The Nature Conservancy is spearheading an initiative to determine how transportation infrastructure, land-use planning, and habitat protection can facilitate species migration in the Lake Champlain basin.
“The goal is to provide safe passage for species—a way for a moose, say, to go from the Adirondacks to Vermont with little risk of being struck by a car, or a salmon to make it far enough upstream to spawn without being blocked by a dry culvert,” said Michael Carr, executive director of the Adirondack Chapter of The Nature Conservancy. “Where are the most important habitat linkages and how do we work do we protect them? To date, we’ve raised several hundred thousand dollars in grants for this initiative in the Champlain Valley, which is a critical piece of a larger effort.”
Roads, culverts, and dams can contribute to habitat fragmentation, which can become perilous to wildlife by cutting off opportunities for populations to mix and breed and move between breeding, nesting and feeding grounds. Improvements to transportation infrastructure and informed land-use planning, however, can help prevent ecological islands from forming, thus, promoting genetic exchange, as well as providing room for species and natural communities to shift and adapt to climate change.
Preliminary studies point to the southern headwaters region of Lake Champlain as a key linkage between the Adirondacks and Green Mountains. High-probability movement corridors for black bear, American marten, and bobcat have already been identified there—through the use of a sophisticated computer modeling program. Barriers have also been identified the same way. This Champlain Valley project is now advancing to the next step: testing the model results against on-the-ground surveys and observations.
It is one of six projects to benefit from a $1 million grant awarded by the U.S. Fish & Wildlife Service’s State Wildlife Grant (SWG) program toward a multi-state effort across the Northern Forest. Staying Connected in the Northern Appalachians—a collaboration of government agencies, researchers, and non-profit organizations—aims to maintain, enhance, and restore habitat connectivity for 41 wide-ranging and forest-dwelling species of concern to help mitigate the impacts of habitat fragmentation and climate change.
Elsewhere in the Lake Champlain basin, with funding from a second SWG grant and an agreement with the U.S. Fish & Wildlife Service, the Conservancy and transportation partners are identifying barriers within aquatic ecosystems that can result in altered habitat structure, hydrology, connectivity both for species movement and ecosystem processes like flooding, and the transport of materials such as sediments, soil, large wood, and nutrients. Some of the work will entail looking at constrictions caused by culverts along Lake Champlain tributaries like the Boquet, Saranac, and Upper Winooski Rivers, as well as smaller streams that provide habitat for salmon and species of conservation concern. Once identified, the partners will determine how best to alleviate blockages and promote fish passage.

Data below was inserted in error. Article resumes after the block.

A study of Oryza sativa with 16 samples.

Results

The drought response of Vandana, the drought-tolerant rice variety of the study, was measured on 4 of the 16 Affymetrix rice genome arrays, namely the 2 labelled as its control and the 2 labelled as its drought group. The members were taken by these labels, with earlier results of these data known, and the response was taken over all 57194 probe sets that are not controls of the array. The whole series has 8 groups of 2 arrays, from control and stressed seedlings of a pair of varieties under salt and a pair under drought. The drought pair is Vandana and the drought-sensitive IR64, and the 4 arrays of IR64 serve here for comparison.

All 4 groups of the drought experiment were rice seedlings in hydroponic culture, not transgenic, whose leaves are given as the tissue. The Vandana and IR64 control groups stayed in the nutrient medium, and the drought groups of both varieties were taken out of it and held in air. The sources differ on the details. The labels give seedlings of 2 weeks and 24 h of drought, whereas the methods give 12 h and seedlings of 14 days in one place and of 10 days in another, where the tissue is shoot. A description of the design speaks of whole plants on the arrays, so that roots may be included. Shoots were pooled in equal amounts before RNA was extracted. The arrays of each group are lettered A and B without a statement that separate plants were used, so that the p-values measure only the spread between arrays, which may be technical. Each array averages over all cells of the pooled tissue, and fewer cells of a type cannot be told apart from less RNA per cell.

"With the Conservancy’s mapping and modeling work, this project will help us understand how and where we can make improvements that will benefit wildlife as part of our routine highway maintenance activities,” said Gary McVoy, Director of Operations Division with NY State Department of Transportation.
“The Nature Conservancy seeks to leverage its substantial conservation investment in the Champlain Valley over the last three decades by linking key habitats that would give species the elbow room they need. People in the Valley will benefit, too, as ecosystems sustain important species tied to economic livelihoods and outdoor pursuits.” said Mr. Carr.
The Northern Forest spans two countries, four states, four provinces and 80-million acres; it contains rare alpine vegetation, at-risk species, old-growth forests, large unfragmented forest blocks, high quality rivers and streams, and 5.4 million people. While largely intact compared to other forests of its type across the globe, the Northern Forest is not immune to the significant challenges posed by fragmentation and climate change. Staying Connected in the Northern Appalachians will focus on six vulnerable areas where landscape connectivity for wildlife is at risk: 1) Tug Hill Plateau – Adirondacks (NY); 2) Adirondack Mountains to the Southern Green Mountains (NY-VT); 3) Taconic Mountains to Southern Green Mountains (NY-VT); 4) Northeast Kingdom across northern New Hampshire to western Maine (VT-NH-ME); 5) Northern Green Mountains (VT – Canada); and Maine’s North Woods to Quebec’s Gaspe Peninsula (ME-Canada).
Transportation agencies from across the four-state region are participating in the project to help identify and incorporate recommended habitat linkage retention and improvements as part of road maintenance/upgrade work planned for 2009-2014 along priority habitat linkage segments. The Nature Conservancy is a leading conservation organization working around the world to protect ecologically important lands and waters for nature and people. The Conservancy and its more than 1 million members have protected nearly 120 million acres worldwide.
The Adirondack Chapter, based in Keene Valley, New York, has protected 571,000 Adirondack acres since 1971. The Chapter is also a founding partner of High Peaks Summit Stewardship Program and the award-winning Adirondack Park Invasive Plant Program. On the Web at www.nature.org/adirondacks.
The Nature Conservancy is a leading conservation organization working around the world to protect ecologically important lands and waters for nature and people. The Conservancy and its more than 1 million members have protected nearly 120 million acres worldwide. Visit The Nature Conservancy on the Web at www.nature.org.